Kenny Walter is an editor with HCPLive. Prior to joining MJH Life Sciences in 2019, he worked as a digital reporter covering nanotechnology, life sciences, material science and more with R&D Magazine. He graduated with a degree in journalism from Temple University in 2008 and began his career as a local reporter for a chain of weekly newspapers based on the Jersey shore. When not working, he enjoys going to the beach and enjoying the shore in the summer and watching North Carolina Tar Heel basketball in the winter.
Cerebrospinal fluid storage time did not influence the tested biomarker levels in narcolepsy type 1 patients.
Some of the common neurodegenerative biomarkers often found in cerebrospinal fluids are not necessarily linked to narcolepsy type 1.
A team, led by Simone Baiardi, Department of Biomedical and Neuromotor Sciences at the University of Bologna, measured the levels of 5 neurodegenerative biomarkers in the cerebrospinal fluid of patients with narcolepsy type 1 with variable disease duration.
The investigators followed the standardized protocol of cerebrospinal fluid collection and storage, while measuring cerebrospinal fluid total and phosphorylated-atu, amyloid-beta 1-40 and 1-42, and neurofilament light chain proteins in 30 nonneurological controls and 36 subjects with narcolepsy type 1.
The patient population included 14 patients recently diagnoses with the disease onset—meaning less than 12 months in a short disease duration group.
The investigators found cerebrospinal fluid levels of all biomarkers were similar in narcolepsy type 1 patients, as well as in the control group. However, the comparison between narcolepsy type 1 patients with short and long disease duration revealed slightly higher levels of cerebrospinal fluid amyloid-beta 1-40 in the long disease duration group (median, 9549.5; interquartile range (IQR), 7064.2—11,525.0 vs. 6870.0; IQR 5133.7–9951.2, P = 0.043).
The team also found that cerebrospinal fluid storage time did not influence the levels of the tested biomarkers.
“The measurement of [cerebrospinal fluid] total-tau, phosphorylated-tau, amyloid-beta 1—40 and 1–42, and NfL proteins is not informative in [narcolepsy type 1],” the authors wrote.
The details of daytime dream experiences could be crucial in learning more about patients who suffer from narcolepsy.
A team, led by Carlo Cipolli, Department of Experimental and Diagnostic and Specialty Medicine at the University of Bologna, examined 30 drug-free cognitively intact adult patients with narcolepsy type-1 to assess the frequency of dream experiences developing during naps using the Multiple Sleep Latency Test (MSLT) and story-grammar analysis.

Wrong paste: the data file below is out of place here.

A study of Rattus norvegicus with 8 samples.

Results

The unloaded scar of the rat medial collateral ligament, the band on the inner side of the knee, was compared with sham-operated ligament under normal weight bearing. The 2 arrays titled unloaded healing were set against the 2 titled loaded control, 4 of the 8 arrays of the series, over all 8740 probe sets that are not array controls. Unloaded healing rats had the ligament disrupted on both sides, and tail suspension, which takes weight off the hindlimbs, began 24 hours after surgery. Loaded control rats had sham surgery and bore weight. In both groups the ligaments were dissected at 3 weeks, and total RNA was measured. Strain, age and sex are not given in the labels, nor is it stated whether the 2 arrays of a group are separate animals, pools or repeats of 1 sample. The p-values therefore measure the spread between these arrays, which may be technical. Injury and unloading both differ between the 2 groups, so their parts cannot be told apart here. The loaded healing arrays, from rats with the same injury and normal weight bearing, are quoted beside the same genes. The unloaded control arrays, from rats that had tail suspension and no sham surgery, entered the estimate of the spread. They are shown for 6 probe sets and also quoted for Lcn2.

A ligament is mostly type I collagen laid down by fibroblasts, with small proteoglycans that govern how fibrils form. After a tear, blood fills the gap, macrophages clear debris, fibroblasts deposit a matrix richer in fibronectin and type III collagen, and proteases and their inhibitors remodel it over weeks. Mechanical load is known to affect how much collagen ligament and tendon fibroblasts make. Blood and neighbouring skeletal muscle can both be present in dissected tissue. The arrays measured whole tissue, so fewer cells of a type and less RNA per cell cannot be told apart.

In the study, each patient was asked to report dream experiences developed during each MSLT nap, while 10 of the patients also spent voluntarily a supplementary night being awakened during the first and third-cycle REM sleep.
Patients provided dream reports, white dreams, and no dreams, whose frequencies were matched in naps with SOREMP compared to non-REM sleep.
Dreams were recalled in detail by narcolepsy type-1 patients after 75% of naps with SOREMP sleep and after 25% of naps with NREM sleep based on dream reports.
Also, 8 of the 10 patients who volunteered for the supplemental night provided dream reports after both awakenings from night-time REM sleep.
When the investigators analyzed the data using story-grammar rules, they found that SOREMP dream experiences are organized as hierarchically ordered sequences of events. These dreams tend to be longer and more complex in the first and fourth SOREMP-naps and are comparable with night-time REM dream experiences.
Last year, the US Food and Drug Administration (FDA) approved solriamfetol (Sunosi), the first dual-acting dopamine and norepinephrine reuptake inhibitor (DNRI) approved to treat excessive daytime sleepiness in adults with narcolepsy or obstructive sleep apnea (OSA).
The once-daily drug from Jazz Pharmaceuticals is approved with doses of 75 mg and 150 mg for patients with narcolepsy.
The approval of solriamfetol is based on data from the Treatment of Obstructive sleep apnea and Narcolepsy Excessive Sleepiness (Tones) phase 3 clinical program, which included 4 randomized placebo-controlled studies that demonstrated the superiority of the drug relative to placebo.
In the 12-week clinical studies, approximately 68-74% of patients taking a 75 mg dose of solriamfetol and 78-90% of patients taking the 150 mg dose reported improvement in their overall condition, as assessed by the Patient Global Impression of Change scale.
Additionally, at week 12, narcolepsy patients taking 150 mg and all OSA patients on the therapy demonstrated improvements in wakefulness compared to placebo as assessed in test session 1 (approximately one-hour post-dose) through 5 (approximately 9 hours post-dose) of the maintenance of wakefulness test.
The study, “Cerebrospinal fluid biomarkers of neurodegeneration in narcolepsy type 1,” was published online in Sleep.